Canadian Paper Decries 'Ghost Guns' But It's Not A New Problem

The ability to build a firearm for yourself has always been an issue for anti-gunners. If you can do so legally, you completely bypass all the controls they successfully put in place to dictate who can and can’t own a firearm and to make sure you’ve said “mother may I?” to the government before doing so. If you can just build a gun all on your own, well, you won’t have to do any of that.


Lately, they’ve been trying to push for a ban on homebuilt firearms, particular by addressing the less than 80 percent completed receivers people can purchase. With those receivers, someone can finish them up and have a firearm that’s completely off the books.

That has an appeal to some, especially in light of recent political talk about banning and confiscating firearms.

Up in Canada, though, they’re of the opinion that this creates a real issue for police.

The so-called ghost guns that have become an enforcement nightmare in different jurisdictions have come to Winnipeg, adding to the challenges faced by local police coping with a sharp rise in crime related to firearms.

Ghost gun is slang for a homemade firearm that doesn’t have an identifier such as a serial number. They’re often made by people who want to bypass background checks and registration regulations.

Homemade guns are nothing new in Winnipeg — earlier versions were dubbed zip guns or pipe guns — but modern technology, such as online ordering and 3D printers, has made it much easier to obtain the knowledge and pieces to construct improvised guns of much higher quality.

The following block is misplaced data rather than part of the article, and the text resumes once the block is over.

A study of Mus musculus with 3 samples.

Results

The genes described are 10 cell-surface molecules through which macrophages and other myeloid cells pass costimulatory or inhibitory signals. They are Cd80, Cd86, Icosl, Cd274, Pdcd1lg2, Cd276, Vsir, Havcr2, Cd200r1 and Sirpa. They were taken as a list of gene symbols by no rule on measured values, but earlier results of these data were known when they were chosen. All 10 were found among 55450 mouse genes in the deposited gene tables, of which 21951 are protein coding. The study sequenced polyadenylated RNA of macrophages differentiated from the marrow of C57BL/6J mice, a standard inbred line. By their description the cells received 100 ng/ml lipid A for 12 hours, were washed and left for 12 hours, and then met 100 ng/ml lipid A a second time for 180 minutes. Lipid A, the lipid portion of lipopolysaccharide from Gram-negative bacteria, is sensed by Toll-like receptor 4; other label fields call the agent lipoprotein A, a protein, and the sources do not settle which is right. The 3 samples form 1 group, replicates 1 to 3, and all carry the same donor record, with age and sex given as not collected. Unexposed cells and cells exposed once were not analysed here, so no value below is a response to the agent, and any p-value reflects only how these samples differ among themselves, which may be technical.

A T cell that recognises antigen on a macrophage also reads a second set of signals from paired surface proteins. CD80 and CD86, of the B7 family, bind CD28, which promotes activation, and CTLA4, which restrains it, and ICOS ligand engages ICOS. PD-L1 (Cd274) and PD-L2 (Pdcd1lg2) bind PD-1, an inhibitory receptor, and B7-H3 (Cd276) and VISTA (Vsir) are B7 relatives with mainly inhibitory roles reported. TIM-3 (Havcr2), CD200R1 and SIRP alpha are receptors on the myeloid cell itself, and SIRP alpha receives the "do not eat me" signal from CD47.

Winnipeg Police Service confirmed to the Free Press last week that ghost guns have been seized in this city, although fortunately, they are still relatively rare here. It’s not as if investigators need another source of guns to worry about.

I hate to break it to you, though, these firearms aren’t new.

Oh, the editorial notes that zip guns were a thing, but that’s not what I’m talking about. I’m talking about what P.A. Luty did in 1998. He developed a submachine gun that could be built out of parts from the hardware store. It could be constructed with equipment that many garage workshops have. For more than 20 years, we’ve been able to build a fully-automatic firearm completely outside of the gun laws.


The truth is, gun control laws have been obsolete ever since.

With new technology, all it does is simplify the process a bit and allow people to construct different firearm designs. If anything, since most of these kits are for semi-auto weapons, the police should feel a bit of relief that the bad guys aren’t using Luty’s design. After all, semi-auto is usually preferable to full-auto if you’re on the receiving end of it.

Gun control laws will never again be able to truly restrict who can and can’t own a firearm. Not really. Not that they ever really did. Those with the know-how and tooling have always been able to build guns and they always will.

It’s just that when you have heavy restrictions on who can and can’t have a firearm, you create an environment where it becomes more profitable to do so.